Canzano: Early offer comes with valuable advice
Ducks offer scholarship to eighth grader, Josiah Molden.
Alex and his wife Christin have eight children. They recently welcomed their first grandchild. It was big news in the family.
You may remember Alex as an NFL defensive back or a star in college at the University of Oregon. You may even know that one of their middle sons, Elijah, attended Washington and now suits up for the Tennessee Titans. But I doubt you know that Christin works as a substitute teacher at a local elementary school.
She’s a rock-star educator according to my 6-year-old, who had Ms. Molden in class this week.
The Moldens run a tight ship. We’ve observed their children for years and even had one of the family’s teenaged daughters babysit our kids. The Molden children are independent, confident, focused, kind and godly. I’ve told Alex and Christin they ought to write a parenting book. I’d buy the first copy.
I have no doubt that the coaching staff at Oregon heard a lot of the same stuff because coach Dan Lanning didn’t wait for Josiah Molden, a middle-schooler, to spend a day in high school before he offered him a scholarship.
“Eighth grade? This is foreign to me,” Alex said to me. “Eighth grade was the first year I even played tackle football.”
Josiah was understandably thrilled with the offer from Oregon. He’s put in a lot of work and rooted for the Ducks for years. The football coaches at West Linn High can’t wait for him to suit up, either. Still, what impressed me most with the whole development was the reaction of his parents to all the football talk in the last week.
His mother, Christin, was stoked for her son. But she seemed just as thrilled last week with welcoming that new grandchild who may never play a single down of football.
His father, Alex, told me: “We tell the kids, ‘Understand, this is NOT who you are, it’s what you do.’ I’ve been on that other side. I put so much focus, time and energy on it. It did become who I was. When I stepped away from (football), I was lost. I don’t want my kids or anybody to feel like that.”
In the wake of UO’s gesture, there was some understandable discussion in the Pac-12 footprint about whether it’s appropriate for a college to make an offer to an eighth grader. But Oregon isn’t alone with the strategy.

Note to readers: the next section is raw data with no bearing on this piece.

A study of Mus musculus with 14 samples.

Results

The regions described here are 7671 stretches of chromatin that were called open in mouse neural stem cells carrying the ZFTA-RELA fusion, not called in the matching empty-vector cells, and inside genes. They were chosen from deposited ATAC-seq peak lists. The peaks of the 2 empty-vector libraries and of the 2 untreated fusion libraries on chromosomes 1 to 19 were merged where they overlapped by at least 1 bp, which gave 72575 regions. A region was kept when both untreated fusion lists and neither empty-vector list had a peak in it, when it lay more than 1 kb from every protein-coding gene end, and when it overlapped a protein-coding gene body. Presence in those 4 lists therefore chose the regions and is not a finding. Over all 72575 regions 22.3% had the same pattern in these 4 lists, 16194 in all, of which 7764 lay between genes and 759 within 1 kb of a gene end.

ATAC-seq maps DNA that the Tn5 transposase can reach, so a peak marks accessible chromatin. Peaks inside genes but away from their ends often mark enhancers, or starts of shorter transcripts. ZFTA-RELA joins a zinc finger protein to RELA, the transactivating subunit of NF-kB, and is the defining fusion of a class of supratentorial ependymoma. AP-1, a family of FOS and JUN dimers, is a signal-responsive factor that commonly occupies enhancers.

It’s not unusual for college programs to offer scholarships to young players. It’s an effective way to demonstrate early interest. I covered Purdue basketball as a beat reporter when Gene Keady was coach in the 1990s. Keady caused a stir in the Big Ten when he offered scholarships to a pair of Indiana middle schoolers. He got the jump because he was trying to beat Indiana University and Bob Knight to the in-state talent. Neither kid ended up playing at Purdue.
Brandon Huffman is a national recruiting editor for 247Sports. I asked him about Josiah Molden’s offer from Oregon this week. He said, “It was funny to watch how certain fan bases reacted to the offer even as their own schools do the same thing. The game has changed. If there’s a no-brainer, you have to offer him.”
Oregon’s coaches were delicate with the process. They initially contacted head football coach Jon Eagle at West Linn High. Eagle called Alex Molden. Josiah wasn’t aware of what was happening. He was instructed to call a phone number at 5 p.m. last Wednesday night. Oregon’s staff picked up and extended the scholarship offer.
“He was surprised,” Alex said.
Josiah has both a father (first-round pick) and brother (third round) who were drafted by NFL teams. He has work ethic, focus and talent. Huffman told me that he thinks Josiah is the best “going-to-be high schooler” from the state of Oregon since Talanoa Hufanga, who went to USC. Be sure, there will be a line of offers from other schools. Lanning wanted to be the first, no doubt, to avoid losing another Molden kid to UW.
The Huskies may not want to look like a copycat, but I’m guessing Kalen DeBoer won’t be far behind with an offer himself. (Older brother, Elijah, incidentally, was offered his first football scholarship at the end of his ninth-grade year.)
“There’s not a lot of guys you can see as an eighth grader and say he’s going to be special,” Huffman told me of Josiah, “but he’s the one.”
It’s going to be fun to see how far Josiah takes his football talent. But I’m left thinking today about the advantage of solid parenting.
Alex Molden tells his kids: “Know who you are. Know what your passions are. Move forward. Don’t let this thing define who you are.”
There are a lot of grown-ups walking around who identify themselves with their occupation. It’s not difficult to lose your way. The work-life balance is mixed up in all of this. I have to continually remind myself that this column and my radio show aren’t really my identity. Those things aren’t who I am. They’re what I do.
A lesson for the kids?
But it’s not a bad thought for the rest of us.
We already have enough issue with parents thinking their 8th grader is the next to go to the NFL.
We should block colleges from offering or even talking to these kids until their Jr year of HS. It’s way to much pressure for these kids, especially if they have season or career ending injuries I.e. my oldest.
It really does turn their parents into monsters, as coaches have to deal with these parents. Especially when they think their kid is the best when they are not even close.
Please let the kids play a fun game and have fun doing it.
Kids are sometimes smarter than we think - my son played one year of tackle football - 5th grade. At the end of the season I asked how he liked it, and he responded: "I look at you, I look at mom, and I'll never be 6'4", 240 lbs will I?" I responded, probably not. He responded back: I think I'll stick with soccer!